There's a concept I've been thinking about, called post-denominational Christianity. First, some definitions:
Denominational Christianity: Here I mean any Christian communion that has a history, a creed and a defining character (it is in some way exclusive). Even groups that may not be denominations under the standard definition, such as Orthodox or Catholics, qualify as part of denominational Christianity under this definition.
Non-denominational Christianity: This was an effort to break away from any denominations and to found a Christian community that did not have any defining character or creed. Very quickly it developed a character and creed. After a couple decades, it also developed a unique history, and therefore itself became a denomination.
Post-denominational Christianity: This is a meta-group within Christianity. Different denominational Christians can be post-denominational. Post-denominational Christianity will not become a denomination, because it will be open to all denominational forms of Christianity, and indeed all groups that identify as Christian. Any worship or doctrinal choice will be a matter of taste, or even a matter of believing that one form of worship or element of doctrine is true or right, while remaining open to the possibility of being wrong. To keep from having a centralised character, post- denominational Christians will worship within multiple denominations; it may be helpful for its diversity that post-denominational Christians attend a different denomination each time they move, or that they go to multiple different churches on Sunday or through the week. The only denominational element post-denominational Christianity will come to have is a historical character.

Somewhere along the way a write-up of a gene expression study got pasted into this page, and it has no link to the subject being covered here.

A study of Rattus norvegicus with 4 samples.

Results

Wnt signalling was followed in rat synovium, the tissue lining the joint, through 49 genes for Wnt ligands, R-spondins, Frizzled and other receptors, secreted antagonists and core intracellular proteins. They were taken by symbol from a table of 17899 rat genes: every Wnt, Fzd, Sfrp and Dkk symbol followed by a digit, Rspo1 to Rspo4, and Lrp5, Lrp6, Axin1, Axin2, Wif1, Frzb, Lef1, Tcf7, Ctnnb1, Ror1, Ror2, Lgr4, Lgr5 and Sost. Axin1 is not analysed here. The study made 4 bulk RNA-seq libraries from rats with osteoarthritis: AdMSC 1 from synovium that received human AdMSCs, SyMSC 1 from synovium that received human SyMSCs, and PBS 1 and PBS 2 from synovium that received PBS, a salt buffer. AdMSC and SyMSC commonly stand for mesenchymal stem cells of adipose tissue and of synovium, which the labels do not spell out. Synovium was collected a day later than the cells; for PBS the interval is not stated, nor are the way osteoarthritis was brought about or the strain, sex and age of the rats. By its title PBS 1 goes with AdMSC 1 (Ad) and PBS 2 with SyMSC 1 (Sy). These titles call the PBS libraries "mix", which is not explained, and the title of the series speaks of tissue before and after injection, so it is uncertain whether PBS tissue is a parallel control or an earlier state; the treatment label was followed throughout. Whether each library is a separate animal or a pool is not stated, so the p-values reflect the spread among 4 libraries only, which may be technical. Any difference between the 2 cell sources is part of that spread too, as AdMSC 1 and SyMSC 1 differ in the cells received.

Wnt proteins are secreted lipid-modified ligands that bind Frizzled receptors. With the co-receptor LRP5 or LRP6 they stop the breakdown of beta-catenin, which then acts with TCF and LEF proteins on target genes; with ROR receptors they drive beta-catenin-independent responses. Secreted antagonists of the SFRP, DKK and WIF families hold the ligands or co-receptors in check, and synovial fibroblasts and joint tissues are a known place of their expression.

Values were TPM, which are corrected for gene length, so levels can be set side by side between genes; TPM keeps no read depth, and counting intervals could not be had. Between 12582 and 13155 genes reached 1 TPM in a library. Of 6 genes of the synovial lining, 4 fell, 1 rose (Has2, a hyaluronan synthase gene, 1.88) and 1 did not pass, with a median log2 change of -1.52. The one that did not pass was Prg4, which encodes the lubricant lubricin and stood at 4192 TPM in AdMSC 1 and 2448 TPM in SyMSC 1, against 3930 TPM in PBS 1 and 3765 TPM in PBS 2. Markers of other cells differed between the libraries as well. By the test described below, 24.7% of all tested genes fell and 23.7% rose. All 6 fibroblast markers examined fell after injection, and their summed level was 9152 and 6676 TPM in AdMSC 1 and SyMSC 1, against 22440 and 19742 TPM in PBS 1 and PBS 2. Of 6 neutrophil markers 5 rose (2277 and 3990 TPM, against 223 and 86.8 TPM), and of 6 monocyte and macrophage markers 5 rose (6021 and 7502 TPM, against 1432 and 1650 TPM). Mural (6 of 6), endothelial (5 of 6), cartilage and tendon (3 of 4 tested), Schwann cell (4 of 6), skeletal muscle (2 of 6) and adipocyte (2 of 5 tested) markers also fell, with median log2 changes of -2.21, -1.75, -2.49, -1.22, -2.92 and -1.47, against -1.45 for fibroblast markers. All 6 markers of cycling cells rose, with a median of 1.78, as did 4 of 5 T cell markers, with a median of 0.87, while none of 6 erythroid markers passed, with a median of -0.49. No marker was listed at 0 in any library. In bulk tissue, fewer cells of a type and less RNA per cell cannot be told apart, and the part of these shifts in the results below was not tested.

I am a post-denominational Christian. I worship during the week with a group at my university (non-denominational), p ray the morning prayer at a Scottish Episcopalian Church, and attend contemporary Presbyterian worship on Sundays (while twice a month going to Catholic Mass on Saturday evening). I have made meaningful connections within these communities, and am starting to build bridges.
What do you think of this sort of movement? Does anyone here identify with post-denominational Christianity? What problems do you see with it? What would you think about a post-denominational Christian attending Mass?
A more provocative question... what do you think about opening communion to post-denominational Christians?